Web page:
Some of the things we ask our clients to do can be quite emotionally demanding – from standing on stage for a speaker slot to being interviewed by a journalist. Of course, as PR professionals, we can advise on the technicalities, such as how to respond to particular styles of questions or how to convey complex messages with clarity.
But sometimes the support needed is of a more fundamental psychological level. It is about learning to acquire the confidence to face a new or unexpected challenge.
The PRCA recently ran a course on how to build assertiveness and confidence, and the advice given would be just as useful for clients as it is for people working in PR.
Our brains still very much respond with a primal ‘fight or flight’ response when faced with perceived danger. This can manifest itself in negative or overly emotional thoughts in stressful situations.
One way of addressing this is to take control of your ‘inner’ mental game. It helps to try labelling any unhelpful thoughts and putting a more positive spin on them so that, for example, ‘I’m feeling stressed’ is turned into ‘this is a great opportunity’.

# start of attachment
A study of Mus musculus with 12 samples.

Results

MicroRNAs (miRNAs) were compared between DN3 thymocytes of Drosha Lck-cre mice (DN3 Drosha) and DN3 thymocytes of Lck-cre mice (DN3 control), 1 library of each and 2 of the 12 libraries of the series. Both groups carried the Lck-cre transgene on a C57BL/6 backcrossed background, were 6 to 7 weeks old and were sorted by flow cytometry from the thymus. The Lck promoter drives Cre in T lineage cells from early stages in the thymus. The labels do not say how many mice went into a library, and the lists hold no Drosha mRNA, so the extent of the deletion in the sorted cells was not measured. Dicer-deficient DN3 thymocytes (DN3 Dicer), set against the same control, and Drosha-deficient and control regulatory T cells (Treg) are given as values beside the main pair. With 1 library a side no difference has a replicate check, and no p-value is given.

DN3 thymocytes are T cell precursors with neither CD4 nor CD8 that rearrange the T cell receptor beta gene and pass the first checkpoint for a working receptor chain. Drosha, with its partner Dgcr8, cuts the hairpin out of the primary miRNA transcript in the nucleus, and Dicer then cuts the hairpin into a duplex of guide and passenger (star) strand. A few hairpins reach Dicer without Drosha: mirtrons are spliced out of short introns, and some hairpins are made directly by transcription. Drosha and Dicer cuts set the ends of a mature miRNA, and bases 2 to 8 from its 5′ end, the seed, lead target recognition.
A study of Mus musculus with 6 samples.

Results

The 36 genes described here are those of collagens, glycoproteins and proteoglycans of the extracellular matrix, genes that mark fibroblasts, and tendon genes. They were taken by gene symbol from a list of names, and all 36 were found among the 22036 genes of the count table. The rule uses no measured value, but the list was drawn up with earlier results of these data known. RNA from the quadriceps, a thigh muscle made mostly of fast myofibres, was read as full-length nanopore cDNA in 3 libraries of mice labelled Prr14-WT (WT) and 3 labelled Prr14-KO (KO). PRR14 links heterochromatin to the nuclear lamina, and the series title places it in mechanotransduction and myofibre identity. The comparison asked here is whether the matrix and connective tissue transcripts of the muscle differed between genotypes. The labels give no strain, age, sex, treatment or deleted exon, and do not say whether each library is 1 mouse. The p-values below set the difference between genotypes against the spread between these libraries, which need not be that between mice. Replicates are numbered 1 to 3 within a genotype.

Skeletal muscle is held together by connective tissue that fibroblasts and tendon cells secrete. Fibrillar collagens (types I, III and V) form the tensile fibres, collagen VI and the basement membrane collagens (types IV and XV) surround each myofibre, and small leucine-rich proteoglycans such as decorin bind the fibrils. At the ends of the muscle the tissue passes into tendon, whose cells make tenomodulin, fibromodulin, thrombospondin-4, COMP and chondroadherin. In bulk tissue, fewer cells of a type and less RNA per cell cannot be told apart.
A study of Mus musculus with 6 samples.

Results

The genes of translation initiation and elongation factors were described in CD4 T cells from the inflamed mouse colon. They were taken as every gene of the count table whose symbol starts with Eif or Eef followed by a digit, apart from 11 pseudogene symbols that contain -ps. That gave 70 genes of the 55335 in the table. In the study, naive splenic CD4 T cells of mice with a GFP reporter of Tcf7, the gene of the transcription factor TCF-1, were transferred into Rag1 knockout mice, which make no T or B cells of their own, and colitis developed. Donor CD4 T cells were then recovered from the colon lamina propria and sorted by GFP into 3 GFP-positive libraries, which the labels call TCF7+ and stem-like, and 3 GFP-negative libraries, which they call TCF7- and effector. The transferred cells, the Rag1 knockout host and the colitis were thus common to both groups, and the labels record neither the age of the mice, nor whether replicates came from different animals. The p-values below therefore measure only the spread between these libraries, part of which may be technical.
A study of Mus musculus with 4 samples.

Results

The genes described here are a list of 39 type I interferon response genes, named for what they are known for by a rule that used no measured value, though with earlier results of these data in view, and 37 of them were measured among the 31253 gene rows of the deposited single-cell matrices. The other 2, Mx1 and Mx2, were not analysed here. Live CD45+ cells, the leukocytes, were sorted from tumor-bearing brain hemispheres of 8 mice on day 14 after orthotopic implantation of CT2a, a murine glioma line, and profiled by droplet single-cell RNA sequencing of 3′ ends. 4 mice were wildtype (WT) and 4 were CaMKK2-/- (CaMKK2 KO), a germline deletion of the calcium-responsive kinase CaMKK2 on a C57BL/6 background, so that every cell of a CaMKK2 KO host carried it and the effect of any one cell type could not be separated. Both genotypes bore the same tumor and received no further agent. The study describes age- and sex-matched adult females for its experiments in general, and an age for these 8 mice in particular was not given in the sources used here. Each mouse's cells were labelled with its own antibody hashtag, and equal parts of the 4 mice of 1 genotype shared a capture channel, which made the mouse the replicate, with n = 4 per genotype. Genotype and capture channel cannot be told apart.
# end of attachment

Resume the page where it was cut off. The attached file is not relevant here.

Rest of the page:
As well the ‘inner game’ of confidence, there’s the ‘outer game’ to consider. This is about how others experience your outward behaviour.
Subtle, conscious changes to body language – such as placing your hands palm down on a table when seated or adopting a wider stance when standing – can create a greater feeling of assertiveness.
We are often asked to respond quickly to situations where we don’t have all the information required. A useful solution to this is using the ‘I don’t know’ formula.
This breaks a response to a question into three parts – “here’s what we do know”, “here’s what we don’t know”, and “here’s how we’ll get the answer”. Applying this principle will ensure greater control and confidence when addressing unexpected queries.